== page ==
In March 2020, Facebook posts offering free coupons supposedly worth $50 in merchandise from Walmart began circulating with the claim that the company was celebrating its anniversary:
Users who clicked on the offer were taken to an external website where they were instructed to answer survey questions in order to receive their coupon:
After completing the questionnaire, however, users are then required to click a button to share the “offer” with all their Facebook friends before they can retrieve their coupon. Those who comply by spamming their friends are then allowed to click a “Receive the Coupon” button. However, there is no actual coupon to receive. Like innumerable other “free merchandise” offers on Facebook (including previous examples targeting Walmart customers), this one is a scam. We’ve had many occasions to alert readers to this kind of fraud:
These types of viral “coupon” scams often involve websites and social media pages set up to mimic those of legitimate companies. Users who respond to those fake offers are required to share a website link or social media post in order to spread the scam more widely and lure in additional victims. Then those users are presented with a “survey” that extracts personal information such as email addresses, telephone numbers, dates of birth, and even sometimes credit card numbers. Finally, those who want to claim their “free” gift cards or coupons eventually learn they must first sign up to purchase a number of costly goods, services, or subscriptions.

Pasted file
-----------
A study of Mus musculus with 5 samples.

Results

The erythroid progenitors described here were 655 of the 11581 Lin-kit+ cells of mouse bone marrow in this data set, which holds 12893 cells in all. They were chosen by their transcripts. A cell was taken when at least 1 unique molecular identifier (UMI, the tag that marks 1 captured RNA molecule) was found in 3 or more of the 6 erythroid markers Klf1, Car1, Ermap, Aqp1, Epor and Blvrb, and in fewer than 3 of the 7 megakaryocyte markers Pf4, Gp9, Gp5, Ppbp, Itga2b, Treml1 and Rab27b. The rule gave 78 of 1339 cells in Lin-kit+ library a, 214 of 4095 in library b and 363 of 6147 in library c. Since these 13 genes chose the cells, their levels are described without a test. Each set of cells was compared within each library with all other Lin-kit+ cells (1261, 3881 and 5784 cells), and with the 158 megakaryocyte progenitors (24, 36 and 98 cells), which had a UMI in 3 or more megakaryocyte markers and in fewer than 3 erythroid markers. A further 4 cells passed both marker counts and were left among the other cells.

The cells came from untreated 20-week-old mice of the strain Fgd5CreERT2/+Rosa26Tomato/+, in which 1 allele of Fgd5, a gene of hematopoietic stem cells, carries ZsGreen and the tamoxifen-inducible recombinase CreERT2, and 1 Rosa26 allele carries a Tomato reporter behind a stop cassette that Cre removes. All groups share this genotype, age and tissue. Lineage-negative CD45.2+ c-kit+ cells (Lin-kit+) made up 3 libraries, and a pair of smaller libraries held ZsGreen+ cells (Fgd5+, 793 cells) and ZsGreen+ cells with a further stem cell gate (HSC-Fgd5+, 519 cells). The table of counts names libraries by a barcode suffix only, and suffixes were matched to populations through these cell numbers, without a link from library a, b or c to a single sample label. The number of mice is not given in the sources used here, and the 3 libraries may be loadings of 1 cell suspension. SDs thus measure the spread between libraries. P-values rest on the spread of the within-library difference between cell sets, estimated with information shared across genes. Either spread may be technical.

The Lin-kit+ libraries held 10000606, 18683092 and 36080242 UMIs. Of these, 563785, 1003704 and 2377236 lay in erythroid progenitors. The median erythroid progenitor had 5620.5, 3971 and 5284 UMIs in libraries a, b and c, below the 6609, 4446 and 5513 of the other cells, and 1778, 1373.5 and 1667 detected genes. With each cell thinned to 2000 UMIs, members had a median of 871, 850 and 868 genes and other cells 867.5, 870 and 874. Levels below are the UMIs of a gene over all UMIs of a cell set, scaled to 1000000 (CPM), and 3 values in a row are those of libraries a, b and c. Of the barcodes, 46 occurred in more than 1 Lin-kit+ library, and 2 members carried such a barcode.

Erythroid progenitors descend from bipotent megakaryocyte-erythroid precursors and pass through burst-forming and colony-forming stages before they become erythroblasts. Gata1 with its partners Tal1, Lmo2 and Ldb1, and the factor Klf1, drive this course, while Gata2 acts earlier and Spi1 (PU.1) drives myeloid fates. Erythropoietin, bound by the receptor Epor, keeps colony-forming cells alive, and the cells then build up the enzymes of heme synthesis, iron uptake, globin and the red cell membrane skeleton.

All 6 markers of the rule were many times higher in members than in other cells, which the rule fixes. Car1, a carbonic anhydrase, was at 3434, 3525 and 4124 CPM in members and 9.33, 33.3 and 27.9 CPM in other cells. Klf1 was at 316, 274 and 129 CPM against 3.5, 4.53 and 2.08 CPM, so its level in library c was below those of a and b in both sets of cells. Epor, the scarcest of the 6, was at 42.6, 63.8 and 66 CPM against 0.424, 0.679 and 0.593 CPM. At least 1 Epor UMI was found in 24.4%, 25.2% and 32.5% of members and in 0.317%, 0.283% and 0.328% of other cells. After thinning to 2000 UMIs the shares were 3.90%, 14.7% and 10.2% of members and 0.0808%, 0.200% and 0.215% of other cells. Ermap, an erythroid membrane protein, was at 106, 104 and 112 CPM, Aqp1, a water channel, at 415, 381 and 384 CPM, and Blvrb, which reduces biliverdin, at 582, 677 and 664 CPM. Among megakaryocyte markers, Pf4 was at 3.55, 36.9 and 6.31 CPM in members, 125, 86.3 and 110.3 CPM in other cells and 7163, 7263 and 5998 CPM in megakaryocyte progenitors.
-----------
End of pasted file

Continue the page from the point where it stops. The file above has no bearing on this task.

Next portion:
The Better Business Bureau offers consumers several general tips to avoid getting scammed:
- Don’t believe what you see. It’s easy to steal the colors, logos, and header of any other established organization. Scammers can also make links look like they lead to legitimate websites and emails appear to come from a different sender.
- When in doubt, do a quick web search. If the giveaway is a scam, this is likely to reveal an alert or bring you to the organization’s real website, where they may have posted further information.
- Watch out for a reward that’s too good to be true. Businesses typically give out small discounts to entice customers. If the offer seems too good to be true (a $100 voucher or 50% discount) it may be a scam.
- Look for a mismatched subject line and email body. Many of these scams have an email subject line promising one thing, but the content of the email is something completely different.